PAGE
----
Let's talk about cannabis-infused beers and why they are trending

Photo for: Cannabis Infused Beers - the next beach buddy you would want to chill with
04/11/2019

Now, you and your pals can roll up to a bar and order a round of beers, only to experience hazy cannabis high instead of an energizing buzz.

For those craving healthier alcohol, some breweries are already infusing their drinks with cannabidiol or CBD, the other natural compound found in cannabis and hemp plants but which has no psychoactive effect. Oregon-based Coalition Brewing makes a 5-milligram CBD-infused ‘Two Flowers IPA’ pint with 6 percent alcohol content. These won’t help you avoid calories, but initial research suggests CBD helps control epilepsy, depression, PTSD and other ailments.

Meanwhile, research published in July in the journal JAMA Pediatrics also suggested that weed smokers are ready to move to other forms of cannabis consumption where it’s legalized — adding yet another potential market for these companies.

“For us, the most socially acceptable and responsible form of cannabis consumption is through drinkables,” says Keith Villa, the founder of CERIA Brewing. “Beer is really the beverage of the everyday person.”

The global cannabis drinks market is forecast to top $5 billion by 2026. According to food and beverages consultancy Zenith Global, the cannabis drinks market in America is set to grow in value from $89 million last year to $1.4 billion over the next five years

It’s not just craft breweries looking to get into weed. In 2017, Dutch beer giant Heineken bought full ownership of California-based Lagunitas Brewing Company, which produces the Hi-Fi Hops range of THC-infused, hop-flavored beverages. Constellation Brands, the makers of Corona beer and other drinks, invested $4 billion for a 38 percent stake in the Canadian marijuana company Canopy Growth. And the Coca-Cola Co. said that while it had no interest in cannabis, it is “closely watching the growth of nonpsychoactive CBD as an ingredient in functional wellness beverages.”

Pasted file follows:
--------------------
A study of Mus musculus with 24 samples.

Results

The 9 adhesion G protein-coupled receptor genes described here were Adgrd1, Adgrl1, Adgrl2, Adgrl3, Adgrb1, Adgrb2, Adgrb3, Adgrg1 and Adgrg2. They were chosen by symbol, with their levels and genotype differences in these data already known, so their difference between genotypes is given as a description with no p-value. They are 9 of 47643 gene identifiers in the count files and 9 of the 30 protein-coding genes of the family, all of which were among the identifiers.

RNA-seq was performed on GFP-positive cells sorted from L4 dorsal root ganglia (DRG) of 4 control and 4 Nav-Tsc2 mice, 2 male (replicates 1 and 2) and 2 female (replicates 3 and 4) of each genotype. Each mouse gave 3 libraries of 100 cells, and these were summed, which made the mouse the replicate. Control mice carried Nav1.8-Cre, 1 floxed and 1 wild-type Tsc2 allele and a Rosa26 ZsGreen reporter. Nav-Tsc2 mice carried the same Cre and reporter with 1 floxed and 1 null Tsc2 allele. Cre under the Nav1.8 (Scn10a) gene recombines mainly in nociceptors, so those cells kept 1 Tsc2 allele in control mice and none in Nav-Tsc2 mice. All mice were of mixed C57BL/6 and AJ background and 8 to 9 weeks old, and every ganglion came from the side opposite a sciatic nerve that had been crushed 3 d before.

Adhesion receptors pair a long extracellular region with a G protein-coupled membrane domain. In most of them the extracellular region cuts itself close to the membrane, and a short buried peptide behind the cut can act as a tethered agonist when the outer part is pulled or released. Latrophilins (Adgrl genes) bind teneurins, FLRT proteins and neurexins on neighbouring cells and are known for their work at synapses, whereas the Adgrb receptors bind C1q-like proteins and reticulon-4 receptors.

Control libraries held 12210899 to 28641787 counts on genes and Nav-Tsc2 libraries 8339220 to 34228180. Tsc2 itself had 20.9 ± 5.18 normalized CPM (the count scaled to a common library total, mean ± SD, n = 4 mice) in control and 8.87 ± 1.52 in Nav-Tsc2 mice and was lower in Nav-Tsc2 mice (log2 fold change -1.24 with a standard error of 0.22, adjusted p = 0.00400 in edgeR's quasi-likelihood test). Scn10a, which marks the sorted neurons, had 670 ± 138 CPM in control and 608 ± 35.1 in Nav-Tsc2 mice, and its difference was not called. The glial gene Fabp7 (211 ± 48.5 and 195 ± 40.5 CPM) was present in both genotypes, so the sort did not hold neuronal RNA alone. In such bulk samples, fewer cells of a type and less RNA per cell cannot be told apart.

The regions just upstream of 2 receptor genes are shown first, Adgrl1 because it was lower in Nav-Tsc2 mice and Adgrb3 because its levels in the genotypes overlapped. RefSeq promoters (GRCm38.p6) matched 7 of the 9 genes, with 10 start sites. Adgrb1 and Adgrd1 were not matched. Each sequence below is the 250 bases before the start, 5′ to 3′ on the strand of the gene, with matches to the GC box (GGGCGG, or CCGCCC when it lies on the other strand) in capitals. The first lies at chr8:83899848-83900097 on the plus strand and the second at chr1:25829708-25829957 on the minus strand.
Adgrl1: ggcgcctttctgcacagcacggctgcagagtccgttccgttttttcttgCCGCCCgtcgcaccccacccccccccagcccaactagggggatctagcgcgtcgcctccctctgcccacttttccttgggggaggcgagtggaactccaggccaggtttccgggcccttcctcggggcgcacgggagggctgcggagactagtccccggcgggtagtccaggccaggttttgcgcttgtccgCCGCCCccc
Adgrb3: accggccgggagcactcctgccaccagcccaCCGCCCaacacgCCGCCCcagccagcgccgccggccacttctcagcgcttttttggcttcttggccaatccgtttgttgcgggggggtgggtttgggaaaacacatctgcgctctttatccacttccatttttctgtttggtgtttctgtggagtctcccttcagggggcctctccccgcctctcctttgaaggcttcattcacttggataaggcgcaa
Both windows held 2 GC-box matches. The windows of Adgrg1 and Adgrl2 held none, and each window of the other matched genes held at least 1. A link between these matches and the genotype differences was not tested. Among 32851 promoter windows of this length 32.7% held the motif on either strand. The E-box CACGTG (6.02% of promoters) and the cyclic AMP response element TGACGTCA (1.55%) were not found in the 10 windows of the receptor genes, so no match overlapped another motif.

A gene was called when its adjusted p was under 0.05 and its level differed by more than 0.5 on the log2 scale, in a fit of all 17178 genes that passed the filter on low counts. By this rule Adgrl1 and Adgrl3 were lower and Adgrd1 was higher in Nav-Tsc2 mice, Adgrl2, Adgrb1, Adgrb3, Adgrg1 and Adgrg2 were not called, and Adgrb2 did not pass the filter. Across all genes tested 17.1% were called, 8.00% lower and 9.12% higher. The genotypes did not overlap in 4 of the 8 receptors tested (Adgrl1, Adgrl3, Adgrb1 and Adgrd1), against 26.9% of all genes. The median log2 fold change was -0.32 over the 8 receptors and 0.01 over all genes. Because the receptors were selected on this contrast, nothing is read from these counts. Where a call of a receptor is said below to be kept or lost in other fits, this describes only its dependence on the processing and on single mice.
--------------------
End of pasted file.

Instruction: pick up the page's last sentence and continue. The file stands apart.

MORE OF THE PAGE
In addition to CBD-infused alcoholic brews and THC-laced nonalcoholic beverages, there are also drinks that contain CBD but no alcohol. These cannabis mocktails, lemonade shots, coffees, and carbonated drinks are already on the market in states where recreational cannabis is legal. They won’t get you high but promise the health benefits of CBD.

Why Does Weed Beer Exist?

Adults in states with level cannabis binge drink on average 13 percent fewer times a month, so alcohol sales go down in states, and in the case of Canada, entire countries, with legal recreational marijuana available as an alternative. For economic purposes, beer companies need to find an appealing crossover brand to maintain their profit margin.

Consulting firms expect Canadian cannabis sales to exceed $4.34 billion in sales by then.

On top of the financial gain, a potential benefit of THC-infused beer is that it could help scores of twenty-somethings avoid getting the liver disease from binge drinking.

We are now seeing a wealth of cannabis products on the scene. One of the most popular is THC-infused beverages. These products are being marketed to drinkers and health-conscious people who do not wish to smoke to get high.

In fact, an Ontario-based company called Province Brands just created the first-ever nonalcoholic beer made entirely from the cannabis plant. Rather than being brewed with barley and then infused with THC, this beer is “brewed from the stalks, stem, and roots of the cannabis plant,” according to The Guardian. Province Labs hopes drinkers will lean on their products as a healthier substitute for booze.

“If I could create an alternative to alcohol, that’s something that would change the world,” said Dooma Wendschuh of Province Brands. “That’s something I’m very passionate about.”

Heineken-owed Lagunitas recently put a similar beverage on the market in California.

Information Source:

Forbes

OZY

Inverse

Disclaimer - The information contained in this article is for educational and informational purposes only and is not intended as health or medical advice. Always consult a physician or other qualified health provider regarding any questions you may have about a medical condition or health objectives.